The theory of ‘Chekhov’s gun’ is that if the weapon is introduced in Act 1 of a work of art, then it must be used later. It’s an idea so ingrained in our heads as movie-goers, that the principle serves as a barometer for the storm slowly brewing in our psyche, wondering just when and where the weapon will re-appear and alter the fortunes of the characters for good.
Asian filmmakers like Hou Hsiao-Hsien and Jia Zhangke are experts at it. Their films aren’t necessarily action movies, but patient moral dramas about large families or groups of people weathering social, spatial or cultural upheaval. The fact that, sometimes, these people are gangsters … or girl friends of gangsters … or kids wanting to play act like gangsters … doesn’t make much of a difference. Their films are more whisper than bang, but they use the impending violence of the bang to startling effect.
In Jia Zhangke’s latest epic, Ash Is Purest White, the gun is introduced early on when mid level crime boss Bin (Fan Liao) settles a dispute between thugs in his group arguing over a loan payment. A statue of a revered god is brought out to make the men swear upon, where one of them admits his fault and agrees to pay back what he borrowed. Simpler times, being the year 2000.
But ultimately, Ash Is Purest White doesn’t belong to boss Bin and his group of swaggering henchman, but instead to his loyal girlfriend Qiao, played tremendously Zhangke’s current muse Tao Zhao. The way she struts around Bin and his gang in mahjong parlors or the cool nonchalance she parlays as a young duo casually perform a formal dance in the midst of a techno club (just one of the many wonderful dance sequences filmmaker Zhangke always manages to insert in his works), catapult Qiao as the film’s staunch center.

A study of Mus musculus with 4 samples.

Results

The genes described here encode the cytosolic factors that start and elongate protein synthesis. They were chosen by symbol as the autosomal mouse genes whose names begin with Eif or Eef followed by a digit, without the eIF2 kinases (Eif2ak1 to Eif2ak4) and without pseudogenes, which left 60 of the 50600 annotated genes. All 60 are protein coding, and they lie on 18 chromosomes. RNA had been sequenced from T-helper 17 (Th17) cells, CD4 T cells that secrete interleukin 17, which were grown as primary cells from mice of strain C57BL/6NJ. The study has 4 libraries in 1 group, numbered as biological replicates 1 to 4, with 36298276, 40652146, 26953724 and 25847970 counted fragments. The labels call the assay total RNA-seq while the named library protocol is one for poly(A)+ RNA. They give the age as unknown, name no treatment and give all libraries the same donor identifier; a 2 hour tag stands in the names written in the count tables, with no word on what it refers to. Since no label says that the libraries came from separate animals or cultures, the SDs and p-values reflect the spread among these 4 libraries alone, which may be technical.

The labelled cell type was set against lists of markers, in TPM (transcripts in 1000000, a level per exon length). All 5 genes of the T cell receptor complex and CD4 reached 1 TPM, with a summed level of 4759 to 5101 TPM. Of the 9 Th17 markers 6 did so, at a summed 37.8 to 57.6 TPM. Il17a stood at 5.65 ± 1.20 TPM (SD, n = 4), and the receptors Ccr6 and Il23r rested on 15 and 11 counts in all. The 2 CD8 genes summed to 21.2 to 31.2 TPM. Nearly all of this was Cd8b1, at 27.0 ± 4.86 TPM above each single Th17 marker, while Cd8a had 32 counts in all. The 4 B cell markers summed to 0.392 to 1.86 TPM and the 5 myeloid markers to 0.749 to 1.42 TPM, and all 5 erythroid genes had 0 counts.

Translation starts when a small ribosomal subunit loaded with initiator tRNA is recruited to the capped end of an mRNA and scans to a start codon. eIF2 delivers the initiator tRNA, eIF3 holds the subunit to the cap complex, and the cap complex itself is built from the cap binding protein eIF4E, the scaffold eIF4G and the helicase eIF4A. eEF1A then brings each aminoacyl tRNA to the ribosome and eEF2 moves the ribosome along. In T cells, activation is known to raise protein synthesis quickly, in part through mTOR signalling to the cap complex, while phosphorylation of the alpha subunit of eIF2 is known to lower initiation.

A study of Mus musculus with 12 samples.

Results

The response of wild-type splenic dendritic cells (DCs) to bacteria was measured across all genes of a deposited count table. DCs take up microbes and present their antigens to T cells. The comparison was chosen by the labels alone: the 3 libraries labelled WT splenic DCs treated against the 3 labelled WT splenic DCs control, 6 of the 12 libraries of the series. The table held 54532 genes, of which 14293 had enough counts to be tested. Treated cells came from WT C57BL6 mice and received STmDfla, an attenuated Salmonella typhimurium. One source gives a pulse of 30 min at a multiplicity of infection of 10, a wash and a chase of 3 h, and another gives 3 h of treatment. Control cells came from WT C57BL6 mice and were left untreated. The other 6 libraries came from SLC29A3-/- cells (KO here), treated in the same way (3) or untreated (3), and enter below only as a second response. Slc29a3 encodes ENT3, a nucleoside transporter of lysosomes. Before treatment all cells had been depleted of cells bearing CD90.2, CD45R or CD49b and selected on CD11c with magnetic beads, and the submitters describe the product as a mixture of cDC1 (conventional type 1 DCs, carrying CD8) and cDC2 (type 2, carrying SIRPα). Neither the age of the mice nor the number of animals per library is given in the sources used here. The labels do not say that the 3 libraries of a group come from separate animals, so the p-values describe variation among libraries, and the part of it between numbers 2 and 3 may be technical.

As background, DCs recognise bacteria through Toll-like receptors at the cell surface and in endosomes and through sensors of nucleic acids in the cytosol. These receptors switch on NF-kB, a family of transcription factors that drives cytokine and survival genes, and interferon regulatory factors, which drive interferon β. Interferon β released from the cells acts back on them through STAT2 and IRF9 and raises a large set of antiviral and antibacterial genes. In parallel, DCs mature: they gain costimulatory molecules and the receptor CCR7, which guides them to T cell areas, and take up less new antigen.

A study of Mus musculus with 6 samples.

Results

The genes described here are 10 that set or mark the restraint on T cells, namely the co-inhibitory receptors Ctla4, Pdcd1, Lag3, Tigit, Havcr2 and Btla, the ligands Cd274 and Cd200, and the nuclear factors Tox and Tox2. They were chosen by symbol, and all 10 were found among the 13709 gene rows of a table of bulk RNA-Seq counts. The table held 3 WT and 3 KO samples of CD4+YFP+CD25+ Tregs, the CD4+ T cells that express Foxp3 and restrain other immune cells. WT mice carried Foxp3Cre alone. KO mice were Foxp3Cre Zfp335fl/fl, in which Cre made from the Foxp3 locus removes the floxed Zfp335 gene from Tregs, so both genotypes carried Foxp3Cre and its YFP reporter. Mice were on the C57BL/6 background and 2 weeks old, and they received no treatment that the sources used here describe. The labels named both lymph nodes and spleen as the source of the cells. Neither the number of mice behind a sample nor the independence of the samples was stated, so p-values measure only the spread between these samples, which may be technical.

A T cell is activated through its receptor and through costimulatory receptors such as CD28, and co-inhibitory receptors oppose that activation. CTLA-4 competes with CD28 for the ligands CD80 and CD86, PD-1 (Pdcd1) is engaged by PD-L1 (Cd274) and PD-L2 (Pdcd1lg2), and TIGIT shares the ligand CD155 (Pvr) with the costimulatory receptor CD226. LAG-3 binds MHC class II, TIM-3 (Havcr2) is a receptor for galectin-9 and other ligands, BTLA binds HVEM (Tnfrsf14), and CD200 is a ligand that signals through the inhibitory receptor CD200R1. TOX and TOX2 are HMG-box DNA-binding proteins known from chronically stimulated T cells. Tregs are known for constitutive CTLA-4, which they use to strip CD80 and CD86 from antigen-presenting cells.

She ultimately takes it over in the second and third parts of the film when, after being banished to prison for five years after saving Bin’s life during a gang war, she re-emerges in a China that’s facing climactic change. She also faces a personal change, finding Bin has gone missing and possibly taken up with another woman. Not to be dismissed so easily, Ash Is Purest White turns interior as Qiao wanders her old haunts, searching not only for Bin, but for a semblance of the past she’s been expelled from.
Like so many of his other magnificent films, filmmaker Zhangke places a personal story against the backdrop of the larger issue of his home country’s epileptic growth in the future. Some of the locations are the same as well. In her return trip home fresh from prison, Qiao takes a ferry across the Three Rivers Gorge, a landscape monument built upon the flooded remnants of urban renewal visited so strongly in Zhangke’s Still Life (2006). Qiao’s home of the Shanxi Province has been a common setting for the filmmaker since his early film, Pickpocket (1997). And the idea of someone’s personal facade chaffing against impending western encroachment is the key idea behind Zhangke’s films for over 20 years now, most strikingly rendered in his 2008 masterpiece 24 City and critical calling card Unknown Pleasures and Platform in the early aughts.
But even though his latest film follows a familiar pattern of themes and ideas, it’s no less a great film. Carried by Tao Zhao, she says so much by saying so little and the rhythms of Zhangke’s filmmaking style — part pensive long takes mixed with short edits of strong exposition — make Ash Is Purest White a distinct pleasure.
Also distinct is the film’s subliminal passage of time, unfolding over a period of eighteen years. Whether Qiao ever finds Bin again becomes silly fodder compared to the ravages of time. Perhaps Zhangke’s most astute comment on modernization comes towards the end of the film when the two lowly mob guys who argued over payment in the opening of the film again become embroiled in a dispute. This time, their heated disagreement is not met with a zen god statue, but a variety of cell phones popping up behind them to observe (and not intervene) their escalating tempers. How times have changed, indeed. For Qiao (and Zhangke) getting to this technologically impassive point becomes the greatest sorrow of all.
Ash Is Purest White opens in the Dallas/Fort Worth area on Friday, March 29 at the Landmark Magnolia.